The call will come this Saturday before 11 am. Big Papa Hanson will be on the other line calling from home with the latest score. And hopefully, it will be another win for our 8-1 Lake Mary Rams over the Lake Brantley Patriots.

If you’re not from Texas or Lake Mary, Fla., then you probably don’t care about your high school football team’s performance this fall. You know who you are. The ones that make comments like, “Why did you bring your high school yearbook with you? You are in college now,” and “I am closer to my college friends than my high school buddies; my college friends really know me.”

I did not spend 14 years in Lake Mary, Fla., to leave for college and forget my past. I will continue to drag around my 20-pound yearbook from senior year with the signatures of my 67 closest friends, thank you.

I will continue to talk to high school friends, to dream of Saturday nights at Steak-n-Shake, and most importantly, to cherish Lake Mary High School football.

No one ever went to the games just to watch football. We went to be seen, to play on the sideline, to cheer in the sultry night air. From birth to graduation, Friday night meant Lake Mary Rams football.

These were times for the entire town to come together and cheer 60 young men to victory. The spectators didn’t come to watch quarterback sneaks but to witness “our boys” take on the rest of Florida. It was about Lake Mary pride.

In the 1980s, these summertime, late-night affairs were a time for me to mimic the football players and for my sister to copy the cheerleaders. We re-enacted the game on the sidelines, all hoping to slap hands with the star quarterback. Our babysitter, Tanya, was head cheerleader and would lift us into the air. Everyone had dreams of one day wearing the red, black and white uniform.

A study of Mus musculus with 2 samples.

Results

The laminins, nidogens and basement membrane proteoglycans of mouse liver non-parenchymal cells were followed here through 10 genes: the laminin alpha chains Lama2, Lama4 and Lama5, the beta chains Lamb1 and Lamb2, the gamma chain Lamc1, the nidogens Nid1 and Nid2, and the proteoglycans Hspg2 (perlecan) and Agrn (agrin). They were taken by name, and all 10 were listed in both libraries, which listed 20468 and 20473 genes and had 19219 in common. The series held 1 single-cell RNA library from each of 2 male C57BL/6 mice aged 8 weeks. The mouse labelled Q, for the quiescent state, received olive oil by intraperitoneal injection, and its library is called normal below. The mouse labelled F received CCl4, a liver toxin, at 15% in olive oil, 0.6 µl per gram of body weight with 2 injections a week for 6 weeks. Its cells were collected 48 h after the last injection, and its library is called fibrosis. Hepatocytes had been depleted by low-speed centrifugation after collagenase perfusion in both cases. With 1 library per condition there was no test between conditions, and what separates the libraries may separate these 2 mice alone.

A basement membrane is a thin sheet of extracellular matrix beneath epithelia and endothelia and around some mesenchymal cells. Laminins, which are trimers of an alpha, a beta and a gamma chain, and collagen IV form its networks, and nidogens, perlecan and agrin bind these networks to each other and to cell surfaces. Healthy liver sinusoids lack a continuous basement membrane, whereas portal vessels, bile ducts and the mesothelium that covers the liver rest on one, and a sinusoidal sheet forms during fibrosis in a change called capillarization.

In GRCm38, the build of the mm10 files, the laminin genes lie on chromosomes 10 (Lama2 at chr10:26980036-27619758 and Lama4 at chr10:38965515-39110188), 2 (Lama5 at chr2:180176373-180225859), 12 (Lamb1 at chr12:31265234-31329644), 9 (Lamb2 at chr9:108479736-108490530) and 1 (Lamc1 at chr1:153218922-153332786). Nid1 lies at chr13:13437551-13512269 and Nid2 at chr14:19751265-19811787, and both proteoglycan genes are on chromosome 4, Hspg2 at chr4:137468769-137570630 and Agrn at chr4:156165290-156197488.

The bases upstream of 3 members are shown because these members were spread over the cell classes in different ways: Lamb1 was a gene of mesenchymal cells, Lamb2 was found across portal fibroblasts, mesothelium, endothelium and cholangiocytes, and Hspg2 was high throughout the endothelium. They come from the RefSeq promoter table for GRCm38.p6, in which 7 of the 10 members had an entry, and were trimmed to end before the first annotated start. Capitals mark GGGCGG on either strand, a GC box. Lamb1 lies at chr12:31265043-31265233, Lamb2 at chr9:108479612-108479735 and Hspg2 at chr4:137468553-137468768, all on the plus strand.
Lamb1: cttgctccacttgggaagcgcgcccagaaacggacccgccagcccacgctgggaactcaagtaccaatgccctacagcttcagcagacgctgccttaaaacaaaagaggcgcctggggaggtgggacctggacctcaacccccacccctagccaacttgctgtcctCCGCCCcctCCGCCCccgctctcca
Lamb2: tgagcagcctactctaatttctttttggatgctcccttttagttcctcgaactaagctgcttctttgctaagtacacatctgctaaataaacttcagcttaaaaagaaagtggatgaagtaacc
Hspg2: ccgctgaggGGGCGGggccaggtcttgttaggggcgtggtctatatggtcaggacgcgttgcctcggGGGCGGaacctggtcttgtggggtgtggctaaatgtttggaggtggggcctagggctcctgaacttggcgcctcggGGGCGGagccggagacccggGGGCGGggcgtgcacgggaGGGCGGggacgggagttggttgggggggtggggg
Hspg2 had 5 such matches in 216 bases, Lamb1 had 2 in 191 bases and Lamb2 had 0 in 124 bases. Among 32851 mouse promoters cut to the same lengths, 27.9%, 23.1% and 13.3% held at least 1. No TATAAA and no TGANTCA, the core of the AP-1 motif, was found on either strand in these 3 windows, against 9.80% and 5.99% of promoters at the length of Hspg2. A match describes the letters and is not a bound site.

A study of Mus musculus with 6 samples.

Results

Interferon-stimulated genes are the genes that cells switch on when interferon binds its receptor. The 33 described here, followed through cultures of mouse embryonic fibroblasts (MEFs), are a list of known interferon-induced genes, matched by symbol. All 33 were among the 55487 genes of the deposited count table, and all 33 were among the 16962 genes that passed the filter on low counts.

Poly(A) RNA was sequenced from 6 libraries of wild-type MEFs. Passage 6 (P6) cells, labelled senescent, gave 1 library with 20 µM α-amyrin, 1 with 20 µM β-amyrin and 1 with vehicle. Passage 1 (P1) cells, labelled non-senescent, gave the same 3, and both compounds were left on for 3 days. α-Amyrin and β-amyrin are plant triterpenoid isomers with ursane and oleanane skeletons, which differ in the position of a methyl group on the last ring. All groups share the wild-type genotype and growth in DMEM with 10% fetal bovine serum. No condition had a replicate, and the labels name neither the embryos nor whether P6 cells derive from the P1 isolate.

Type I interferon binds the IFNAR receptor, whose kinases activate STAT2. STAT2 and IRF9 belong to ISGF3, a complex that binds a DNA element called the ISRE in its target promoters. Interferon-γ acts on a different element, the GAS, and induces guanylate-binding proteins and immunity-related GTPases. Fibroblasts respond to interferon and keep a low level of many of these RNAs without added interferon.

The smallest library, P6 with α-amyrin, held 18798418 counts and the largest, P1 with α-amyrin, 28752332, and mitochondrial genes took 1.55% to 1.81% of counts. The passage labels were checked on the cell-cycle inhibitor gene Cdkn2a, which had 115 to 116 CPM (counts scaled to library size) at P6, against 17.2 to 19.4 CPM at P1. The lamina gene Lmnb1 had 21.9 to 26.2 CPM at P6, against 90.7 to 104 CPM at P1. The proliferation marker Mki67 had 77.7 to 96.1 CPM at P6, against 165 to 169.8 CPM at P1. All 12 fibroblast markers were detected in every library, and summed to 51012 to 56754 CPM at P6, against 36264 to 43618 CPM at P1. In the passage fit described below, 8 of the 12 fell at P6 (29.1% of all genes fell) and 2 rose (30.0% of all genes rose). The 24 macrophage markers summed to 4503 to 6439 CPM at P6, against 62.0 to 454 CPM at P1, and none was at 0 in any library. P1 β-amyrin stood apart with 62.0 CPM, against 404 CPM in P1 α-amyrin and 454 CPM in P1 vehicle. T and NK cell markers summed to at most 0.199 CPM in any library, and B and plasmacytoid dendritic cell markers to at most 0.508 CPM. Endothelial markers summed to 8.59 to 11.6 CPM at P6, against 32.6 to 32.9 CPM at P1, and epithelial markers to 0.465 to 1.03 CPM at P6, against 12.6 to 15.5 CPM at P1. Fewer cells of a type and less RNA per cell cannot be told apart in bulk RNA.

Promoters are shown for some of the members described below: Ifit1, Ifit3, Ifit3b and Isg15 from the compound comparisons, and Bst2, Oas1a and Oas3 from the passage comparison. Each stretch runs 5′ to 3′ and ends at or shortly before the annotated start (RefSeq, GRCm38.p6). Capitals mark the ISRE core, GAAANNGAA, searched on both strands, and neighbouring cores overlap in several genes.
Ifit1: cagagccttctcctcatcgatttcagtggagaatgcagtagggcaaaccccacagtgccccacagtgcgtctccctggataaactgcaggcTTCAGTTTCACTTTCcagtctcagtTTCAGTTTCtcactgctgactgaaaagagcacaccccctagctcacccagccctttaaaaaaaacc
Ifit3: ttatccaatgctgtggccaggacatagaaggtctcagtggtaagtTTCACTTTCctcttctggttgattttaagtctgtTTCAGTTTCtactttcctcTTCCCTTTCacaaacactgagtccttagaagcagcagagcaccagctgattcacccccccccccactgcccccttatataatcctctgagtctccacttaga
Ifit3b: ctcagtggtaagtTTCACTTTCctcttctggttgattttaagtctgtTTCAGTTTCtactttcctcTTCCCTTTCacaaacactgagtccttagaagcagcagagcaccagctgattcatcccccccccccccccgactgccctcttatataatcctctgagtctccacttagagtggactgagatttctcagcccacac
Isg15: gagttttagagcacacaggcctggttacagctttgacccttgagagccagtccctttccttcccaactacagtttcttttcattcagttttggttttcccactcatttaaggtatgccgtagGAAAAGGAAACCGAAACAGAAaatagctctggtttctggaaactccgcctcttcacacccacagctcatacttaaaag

These men, ranging in age from 15 to 18, were our heroes. We tossed their names around like they were in the NFL. “You only wish you were as good as Bryant!”

During middle school, we abandoned our parents. We hung out by the concession stands, in our own “too-cool-for-school” group. We rejected the little kids romping on the sidelines, and we were deemed too young to hang out with the high school students. In our middle school angst, we thought the world revolved around us as we wore baggy pants three sizes too big.

Freshman year was a disappointment; our Rams went winless for the first time. For a town that prided itself on stellar academics and amazing athletics, this was unacceptable. Half of the high school students were already at weekend parties by halftime.

Yet, sophomore year erased all memories of last year’s disastrous campaign. With the high school band playing a Beatles medley at halftime, the boys of Lake Mary rolled to a winning record. By junior year, we were in the Sweet 16 of the state playoffs.

I might no longer be in the stands every weekend, but my parents continue to attend the Friday night games. Parents whose last child graduated from Lake Mary 11 years ago still cheer for the Rams. Kids are running along the sidelines, the pre-teens pretend to be living in a world of there own, the high school students socialize and discuss the latest gossip and the adults of the town take in the entire spectacle. They watch the town grow up from the football stands.

Children that once passed the pigskin when they were 5, now score the winning touchdown. All of Lake Mary’s children are here as players, band members, cheerleaders, announcers, sports writers and spectators. And maybe, if the Rams are still in the playoffs come Thanksgiving break, I’ll be able to join my parents in the stands one more time.